Google Warns Users Over Potential Scams

Browsing online and coming across a scam disguised as an ad, a fake news article, or an unsolicited email that pitches you an incredible investment opportunity is nothing new. Scams and phishing schemes are a constant threat these days and users must learn how to protect themselves against these harmful attempts. Luckily, as soon as these threats emerge, they often gain the media’s attention, which enables people to get informed and be vigilant. Here are some insights coming directly from tech giant Google in order to warn users of potential scams.

According to Google, phishing attacks have increased drastically over the past year as scammers took advantage of the pandemic to obtain sensitive personal information and score from vulnerable people. Crooks have been using different strategies to trick people out of their cash. Some of these scams come in the form of Google ads, others target people via social media or email. The essence of these messages is very similar, fraudsters either promise quick cash or significant returns if the people agree to make an initial investment. Others offer to act as intermediaries between individuals and state institutions in order to help the first get stimulus payments, tax refunds, or different other funds the governments granted during the pandemic.

This year, in May, scammers sent millions of hoax emails each day about Covid-19 in an attempt to obtain sensitive information. According to Google, there were as many as 18 million Covid-19 phishing emails each day and this number only refers to emails sent to Gmail addresses, which Google could track.

The company also revealed that,in spring, when news about Covid-19 vaccination flooded the internet, they constantly blocked somewhere around 100 million phishing emails sent to Gmail addresses per day, out of which almost 20% were coronavirus scams. Based on these numbers and the multitude of methods scammers use in order to pray off people – email, Google or Facebook ads, scams disguised as news articles being the most common ones, the giant warns that the pandemic might be the biggest scam topic ever.

Another common scam Google tracked this year via Gmail is one in which scammers impersonate the WHO. These emails were carefully designed with the organization’s logo and used on a professional approach. Their purpose was to convince people to click on a download button that automatically installed a piece of software on their computer. Its purpose was to collect sensitive data. Other emails were more direct and asked for money that theoretically should have gone to charities that needed to help vulnerable communities get through the pandemic.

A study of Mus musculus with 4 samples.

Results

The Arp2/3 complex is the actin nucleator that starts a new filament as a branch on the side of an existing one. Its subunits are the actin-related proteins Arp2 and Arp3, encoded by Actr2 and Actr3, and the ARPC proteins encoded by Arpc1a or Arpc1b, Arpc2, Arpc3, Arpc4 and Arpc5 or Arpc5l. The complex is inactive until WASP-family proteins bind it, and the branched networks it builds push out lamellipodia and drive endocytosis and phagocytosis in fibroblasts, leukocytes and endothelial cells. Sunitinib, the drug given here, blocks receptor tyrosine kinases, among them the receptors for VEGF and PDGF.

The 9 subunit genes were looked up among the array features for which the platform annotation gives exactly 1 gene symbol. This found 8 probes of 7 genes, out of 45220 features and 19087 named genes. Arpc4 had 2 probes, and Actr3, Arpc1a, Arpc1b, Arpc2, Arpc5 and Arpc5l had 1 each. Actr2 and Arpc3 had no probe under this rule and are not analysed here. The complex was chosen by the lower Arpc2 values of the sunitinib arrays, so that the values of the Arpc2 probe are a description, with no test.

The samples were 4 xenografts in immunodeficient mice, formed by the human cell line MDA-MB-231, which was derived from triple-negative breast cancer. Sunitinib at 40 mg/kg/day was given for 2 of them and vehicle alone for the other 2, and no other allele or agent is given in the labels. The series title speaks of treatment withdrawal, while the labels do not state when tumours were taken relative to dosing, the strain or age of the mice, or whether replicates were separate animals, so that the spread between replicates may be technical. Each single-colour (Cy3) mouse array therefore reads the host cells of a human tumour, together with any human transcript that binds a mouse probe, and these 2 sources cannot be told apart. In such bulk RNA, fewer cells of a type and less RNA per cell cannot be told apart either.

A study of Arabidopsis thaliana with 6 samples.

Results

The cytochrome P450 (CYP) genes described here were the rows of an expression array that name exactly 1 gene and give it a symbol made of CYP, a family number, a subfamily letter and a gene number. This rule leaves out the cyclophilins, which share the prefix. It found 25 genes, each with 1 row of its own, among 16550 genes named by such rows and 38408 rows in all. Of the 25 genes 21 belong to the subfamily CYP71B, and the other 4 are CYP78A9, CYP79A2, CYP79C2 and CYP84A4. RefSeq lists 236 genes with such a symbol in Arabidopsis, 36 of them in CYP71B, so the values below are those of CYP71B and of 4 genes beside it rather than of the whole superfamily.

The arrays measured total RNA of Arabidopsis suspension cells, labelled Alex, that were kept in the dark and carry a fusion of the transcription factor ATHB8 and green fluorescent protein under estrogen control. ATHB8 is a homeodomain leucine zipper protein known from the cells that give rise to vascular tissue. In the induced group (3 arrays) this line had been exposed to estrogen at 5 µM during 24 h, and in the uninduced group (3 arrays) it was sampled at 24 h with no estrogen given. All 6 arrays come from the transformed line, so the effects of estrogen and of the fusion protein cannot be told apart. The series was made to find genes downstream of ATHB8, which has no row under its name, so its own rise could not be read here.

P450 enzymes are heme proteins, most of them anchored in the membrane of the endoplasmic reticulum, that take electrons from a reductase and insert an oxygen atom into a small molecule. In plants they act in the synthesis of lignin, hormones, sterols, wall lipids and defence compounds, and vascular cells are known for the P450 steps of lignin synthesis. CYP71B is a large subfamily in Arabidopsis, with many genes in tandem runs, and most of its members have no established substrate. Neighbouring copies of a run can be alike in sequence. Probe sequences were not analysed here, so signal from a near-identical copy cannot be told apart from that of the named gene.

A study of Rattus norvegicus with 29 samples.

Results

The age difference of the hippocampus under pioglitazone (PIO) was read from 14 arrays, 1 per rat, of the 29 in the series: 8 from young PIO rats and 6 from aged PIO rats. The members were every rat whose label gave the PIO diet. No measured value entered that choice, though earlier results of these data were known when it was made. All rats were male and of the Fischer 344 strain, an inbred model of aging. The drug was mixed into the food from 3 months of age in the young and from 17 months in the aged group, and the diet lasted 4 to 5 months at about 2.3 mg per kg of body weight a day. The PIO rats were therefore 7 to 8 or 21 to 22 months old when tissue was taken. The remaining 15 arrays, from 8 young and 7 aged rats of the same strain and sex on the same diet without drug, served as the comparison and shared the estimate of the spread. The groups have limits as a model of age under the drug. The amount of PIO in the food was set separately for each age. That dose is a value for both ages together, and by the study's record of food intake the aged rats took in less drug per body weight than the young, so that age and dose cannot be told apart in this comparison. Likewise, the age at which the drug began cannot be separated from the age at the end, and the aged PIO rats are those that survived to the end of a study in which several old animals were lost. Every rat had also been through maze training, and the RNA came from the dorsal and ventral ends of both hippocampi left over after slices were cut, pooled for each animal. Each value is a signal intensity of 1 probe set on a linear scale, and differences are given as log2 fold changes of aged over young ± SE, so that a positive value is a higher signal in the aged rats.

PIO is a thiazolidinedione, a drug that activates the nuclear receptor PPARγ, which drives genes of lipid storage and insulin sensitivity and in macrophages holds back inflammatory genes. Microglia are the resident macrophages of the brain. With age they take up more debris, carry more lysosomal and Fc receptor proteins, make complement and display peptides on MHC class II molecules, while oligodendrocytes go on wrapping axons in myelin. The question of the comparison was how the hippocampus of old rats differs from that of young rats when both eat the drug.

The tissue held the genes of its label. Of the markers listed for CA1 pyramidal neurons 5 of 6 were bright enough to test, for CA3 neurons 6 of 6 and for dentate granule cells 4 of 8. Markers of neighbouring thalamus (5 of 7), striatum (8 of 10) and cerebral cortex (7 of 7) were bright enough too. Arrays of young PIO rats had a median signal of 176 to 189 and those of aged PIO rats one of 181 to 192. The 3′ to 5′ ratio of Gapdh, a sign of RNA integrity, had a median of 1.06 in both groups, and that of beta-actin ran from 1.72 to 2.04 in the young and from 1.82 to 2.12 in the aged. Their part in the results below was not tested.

The World Health Organization hasn’t been the only authority scammers impersonated in order to obtain personal information which would allow them to commit fraud. Many phishing attempts reported over the last year were even impersonating the IRS. The goal, in this case, was to imitate the institution and take advantage of taxpayers who expected refunds or had to pay their taxes. Scammers pressed these people to send them money or allow them to handle the refund procedure on their behalf. The various government support packages made available during the pandemic were a good occasion for scammers to try and pray off people who expected funds in their account by convincing them, via email, that it’s possible to access the money faster or in larger amounts. Given that more than 1.5 billion people use Gmail as their email provider, imagining the magnitude of these fraud attempts is scary.

However, on a more positive note, it’s also good to remember that both authorities and companies are actively taking steps in order to inform people of these scams and prevent them from proliferating. Measures to prevent phishing emails and data theft are also taken by Google. Through its Help Center, the company offers comprehensive information to Gmail users explaining what phishing emails are, how to report suspicious scam emails, and most importantly, how to avoid falling victim to a phishing attack. Moreover, thanks to the advanced machine-learning tools the company uses, it is virtually capable of blocking more than 99.9% of scam emails from reaching users. Yet, to be able to stop these cybercrimes and prevent people from revealing their sensitive information or losing money, it is important to spot a scam as soon as it first emerges.